Wednesday, July 21, 2010

The Knowable Truths, Part 4

The Truth of the Cessation of Suffering

Okay, so now that you know when suffering arises, and that the origins of suffering have something to do with clinging to something, we are ready to look briefly at the Third Knowable Truth: The Truth of the Cessation of Suffering.

Actually, the Buddha realized that stopping suffering itself would probably be too difficult, if not impossible. Therefore, he taught that the the way to stop suffering is to "abandon the origins of suffering." Since we now know that the origin of suffering is clinging, then we now also know that clinging is the thing that needs to be abandoned.

It is as simple as imagining your hand actually clinging tightly to something, and then imagining that you are letting go of that thing. While you do this, you say to yourself, "There is suffering, and the knowing of it. There is clinging, and the knowing of it. There is the release of clinging, and the knowing of it." When you open your imaginary fist and release attachment to this object of desire (or aversion) that has led to your suffering, the suffering itself will cease, at least for a moment. This cessation of suffering is called "nibbana" in the Pali language (as spoken by the Buddha), and "nirvana" in Sansrkit.

There used to be a television advertisement for Craftmatic Adjustable Beds, whose slogan was: "A lifetime of temporary relief from low back pain." Obviously this was dreamed up by some corporate attorney who was limiting their liability exposure, but it seems true enough about the experience of nibbana. You may have to release your grip to something many times before the hand stops habitually closing around it again. Chances are, you will be revisiting the same object of desire and clinging in the future, as well.

Remember that releasing attachment to an object of desire does not mean that we are trying to get rid of the desire. We can still desire something, we just don't cling so tightly to it. When this happens, the object has more space in which to move and it doesn't hold onto us as tightly, either. For a moment at least, there is some freedom from suffering.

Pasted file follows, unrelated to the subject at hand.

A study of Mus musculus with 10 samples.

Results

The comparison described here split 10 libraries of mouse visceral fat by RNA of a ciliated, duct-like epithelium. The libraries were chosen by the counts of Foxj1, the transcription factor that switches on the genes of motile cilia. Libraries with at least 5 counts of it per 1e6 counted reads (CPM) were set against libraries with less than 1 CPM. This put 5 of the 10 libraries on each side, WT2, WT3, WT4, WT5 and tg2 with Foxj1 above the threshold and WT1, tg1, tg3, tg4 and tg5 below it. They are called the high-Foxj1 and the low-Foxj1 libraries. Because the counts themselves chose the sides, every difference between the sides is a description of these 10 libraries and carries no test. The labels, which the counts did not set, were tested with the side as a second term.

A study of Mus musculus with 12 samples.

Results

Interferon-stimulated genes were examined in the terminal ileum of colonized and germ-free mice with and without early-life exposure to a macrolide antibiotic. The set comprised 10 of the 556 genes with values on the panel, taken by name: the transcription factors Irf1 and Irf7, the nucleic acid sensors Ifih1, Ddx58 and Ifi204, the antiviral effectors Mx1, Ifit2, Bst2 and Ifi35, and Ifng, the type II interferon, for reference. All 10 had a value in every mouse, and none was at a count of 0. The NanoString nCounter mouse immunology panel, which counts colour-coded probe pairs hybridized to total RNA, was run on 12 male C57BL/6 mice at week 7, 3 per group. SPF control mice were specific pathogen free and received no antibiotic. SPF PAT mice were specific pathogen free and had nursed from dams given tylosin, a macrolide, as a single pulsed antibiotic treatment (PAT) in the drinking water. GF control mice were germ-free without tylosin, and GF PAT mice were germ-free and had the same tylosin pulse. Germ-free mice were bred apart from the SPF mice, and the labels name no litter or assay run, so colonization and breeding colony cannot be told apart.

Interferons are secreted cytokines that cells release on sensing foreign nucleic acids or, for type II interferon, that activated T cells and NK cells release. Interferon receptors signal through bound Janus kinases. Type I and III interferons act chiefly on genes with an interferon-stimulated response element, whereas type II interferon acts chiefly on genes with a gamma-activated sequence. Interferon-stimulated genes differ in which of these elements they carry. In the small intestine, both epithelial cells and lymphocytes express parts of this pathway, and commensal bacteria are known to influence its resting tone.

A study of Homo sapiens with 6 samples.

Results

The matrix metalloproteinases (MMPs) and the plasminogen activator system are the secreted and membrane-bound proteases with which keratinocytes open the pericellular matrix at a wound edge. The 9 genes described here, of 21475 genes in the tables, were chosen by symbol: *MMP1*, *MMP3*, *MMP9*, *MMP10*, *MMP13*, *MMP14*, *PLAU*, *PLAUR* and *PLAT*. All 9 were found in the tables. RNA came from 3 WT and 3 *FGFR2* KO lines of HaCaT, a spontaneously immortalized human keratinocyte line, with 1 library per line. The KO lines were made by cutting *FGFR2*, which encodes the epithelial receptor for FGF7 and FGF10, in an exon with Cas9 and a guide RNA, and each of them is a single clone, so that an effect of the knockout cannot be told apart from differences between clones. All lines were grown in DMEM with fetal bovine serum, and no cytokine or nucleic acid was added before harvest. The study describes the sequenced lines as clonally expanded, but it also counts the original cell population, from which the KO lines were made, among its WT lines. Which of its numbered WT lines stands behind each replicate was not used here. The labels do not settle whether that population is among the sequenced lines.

My first conscious experience of nibbana took place during a retreat in Joshua Tree, California. I awoke very early, perhaps two o'clock, with a strong desire to go to the meditation hall and sit. Early morning sits like this are particularly sweet for me. The hall is usually deserted (or maybe there are one or two other yogis there), and the world is at its most quiet and peaceful. Strange and wonderful psychic creatures come out at that time of night, as well, so I get to experience something quite apart from daytime meditations. So as you can see, I was really coveting this experience, and I was setting myself up to suffer.

The meditation hall at this particular retreat center was located about a quarter of a mile from where we were housed, so getting there meant trekking across the desert, in the dark (there were no lights out there), with only the moon to guide me. And it was cold. Bone-chilling, no matter how many layers I wore. So I got up, dressed quietly so as not to awaken my roommates, and took off toward my desired experience.

When I got to the hall, the door was locked! Suffering began. I want to get inside to meditate, I was saying to myself. I was really looking forward to this. After searching in vain for the key, and trying every other door I could find to no avail, I finally trudged back disconsolately back to my room. Lying in bed, I suddenly realized I was suffering, and that I knew it. I also knew that I was suffering because I was clinging to my desire to be in the meditation hall. Then I tried releasing the clinging fist, and knowing that experience.

Almost immediately I was at peace. I still wanted to be meditating, but it was a more spacious and easy feeling, not the desperate, struggling experience of a few moments before. Very soon, I had drifted into a deep and peaceful sleep.

So now we have learned how to utilize the first three Knowable Truths as practice, both during meditation, and in daily life. It will take much repetition for this to become your habit, and you will probably forget to employ these strategies much more often than you will remember. Any time you can use this practice of knowing suffering, the origin of it, and the release of the clinging, you will decrease your suffering. Enjoy.